KEMA, in partnership with civil engineering firm Bureau Lievense
and technology illustrators Rudolph
and Robert Das
, has developed an “Energy Island” concept to store power generated from an offshore wind farm. The innovative concept design is the initial result of an on-going feasibility study being conducted for Dutch energy companies.
The Energy Island designed by KEMA, Lievense and the Das brothers incorporates a new concept in pumped hydro storage – an inverse offshore pump accumulation station (IOPAC). On the Energy Island when there is a surplus of wind energy
, the excess energy
is used to pump sea water out of the interior ‘subsurface-lake’ into the surrounding sea. When there is a shortage of wind power, sea water is allowed to flow back into the interior ‘lake’ through commercially available generators to produce energy. The IOPAC is unique from conventional pumped hydro storage systems in that it would be stationed on an artificial island off the Dutch coast in the North Sea and comprised of a ring of dikes surrounding a 50 meter deep reservoir. The island itself would be built from materials dredged to deepen the interior reservoir.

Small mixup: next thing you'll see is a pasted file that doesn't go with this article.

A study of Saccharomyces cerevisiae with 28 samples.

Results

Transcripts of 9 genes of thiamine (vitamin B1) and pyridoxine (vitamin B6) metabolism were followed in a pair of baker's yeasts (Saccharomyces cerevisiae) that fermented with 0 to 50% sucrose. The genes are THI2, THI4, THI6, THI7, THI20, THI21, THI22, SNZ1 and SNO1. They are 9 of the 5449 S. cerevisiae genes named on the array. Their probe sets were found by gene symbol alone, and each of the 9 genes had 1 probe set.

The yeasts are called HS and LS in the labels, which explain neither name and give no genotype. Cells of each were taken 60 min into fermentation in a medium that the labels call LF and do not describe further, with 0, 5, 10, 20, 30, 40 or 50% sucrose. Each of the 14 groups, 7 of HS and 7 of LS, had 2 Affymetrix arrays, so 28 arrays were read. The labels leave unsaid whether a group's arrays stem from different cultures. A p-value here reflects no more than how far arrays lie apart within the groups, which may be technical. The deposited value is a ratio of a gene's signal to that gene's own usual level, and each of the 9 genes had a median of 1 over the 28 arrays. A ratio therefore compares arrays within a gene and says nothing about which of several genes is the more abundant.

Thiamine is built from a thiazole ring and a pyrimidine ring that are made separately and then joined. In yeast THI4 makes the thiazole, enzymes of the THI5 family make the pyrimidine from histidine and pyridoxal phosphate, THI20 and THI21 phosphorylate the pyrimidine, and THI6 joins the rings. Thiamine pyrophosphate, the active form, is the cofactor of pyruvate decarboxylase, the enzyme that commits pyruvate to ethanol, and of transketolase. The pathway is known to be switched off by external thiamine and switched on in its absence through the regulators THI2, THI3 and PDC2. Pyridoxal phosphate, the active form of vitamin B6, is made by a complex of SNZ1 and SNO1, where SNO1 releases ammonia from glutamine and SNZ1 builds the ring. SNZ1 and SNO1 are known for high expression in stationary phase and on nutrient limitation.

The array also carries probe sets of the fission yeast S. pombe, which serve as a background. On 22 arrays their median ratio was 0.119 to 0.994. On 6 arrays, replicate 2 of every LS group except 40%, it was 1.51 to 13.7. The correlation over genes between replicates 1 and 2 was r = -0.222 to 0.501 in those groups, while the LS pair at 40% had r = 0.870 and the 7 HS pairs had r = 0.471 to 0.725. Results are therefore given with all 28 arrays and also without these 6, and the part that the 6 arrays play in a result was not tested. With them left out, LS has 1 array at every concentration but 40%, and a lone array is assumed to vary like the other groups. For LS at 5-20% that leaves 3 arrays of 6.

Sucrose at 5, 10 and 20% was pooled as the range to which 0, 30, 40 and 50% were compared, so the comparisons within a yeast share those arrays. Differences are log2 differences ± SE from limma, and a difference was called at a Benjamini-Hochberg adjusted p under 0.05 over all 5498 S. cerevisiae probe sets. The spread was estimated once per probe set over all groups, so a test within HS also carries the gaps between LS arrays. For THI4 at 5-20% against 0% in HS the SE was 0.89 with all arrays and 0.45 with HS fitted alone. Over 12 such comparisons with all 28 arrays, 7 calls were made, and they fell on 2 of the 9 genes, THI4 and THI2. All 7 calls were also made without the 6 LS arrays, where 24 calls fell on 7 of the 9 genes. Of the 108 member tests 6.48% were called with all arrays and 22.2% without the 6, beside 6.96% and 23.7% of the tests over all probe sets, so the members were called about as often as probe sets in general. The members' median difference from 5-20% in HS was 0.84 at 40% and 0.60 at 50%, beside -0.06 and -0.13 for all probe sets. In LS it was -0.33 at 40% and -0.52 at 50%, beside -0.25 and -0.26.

KEMA analysis estimates that the proposed Energy Island storage system would have a maximum generation capacity of 1,500 MW, depending on the water level. It also would have an annual storage capacity of more than 20 GWh – enough energy to offset 500 to 840 kilotons of CO2 emissions. In the next phase of the feasibility study underway KEMA is further analyzing the costs and benefits of additional regulating reserve, download wind power, CO2 reduction, and environmental impact.
Utilizing stored energy can help reduce the overall amount of CO2 emissions associated with electricity production, especially when combined with wind or other renewable energy resources. Investment in large scale energy storage
can increase the efficiency of conventional power plants as well as offset investments in replacing or developing new conventional peak production capacity. In addition to providing an alternative for large scale electricity storage, the energy island concept
has the potential to provide coastal protection, harbor and/or LNG terminal facilities, aquatic biomass, and eco-tourism opportunities. Construction of the energy island is dependent on seabed composition. The North Sea site
studied includes a seabed with a thick layer of clay.
The US is actively developing advanced energy storage technologies and systems through public-private partnership programs such as the US Department of Energy (DOE) Energy Storage System Program. Technologies in development include various battery systems, advanced flywheels, superconductivity, compressed air, and pumped hydro. The Energy Island concept
is an important step forward in demonstrating the role of large-scale energy storage in enhancing the reliability of the power supply, stabilizing the cost of electricity, and reducing CO2 emissions.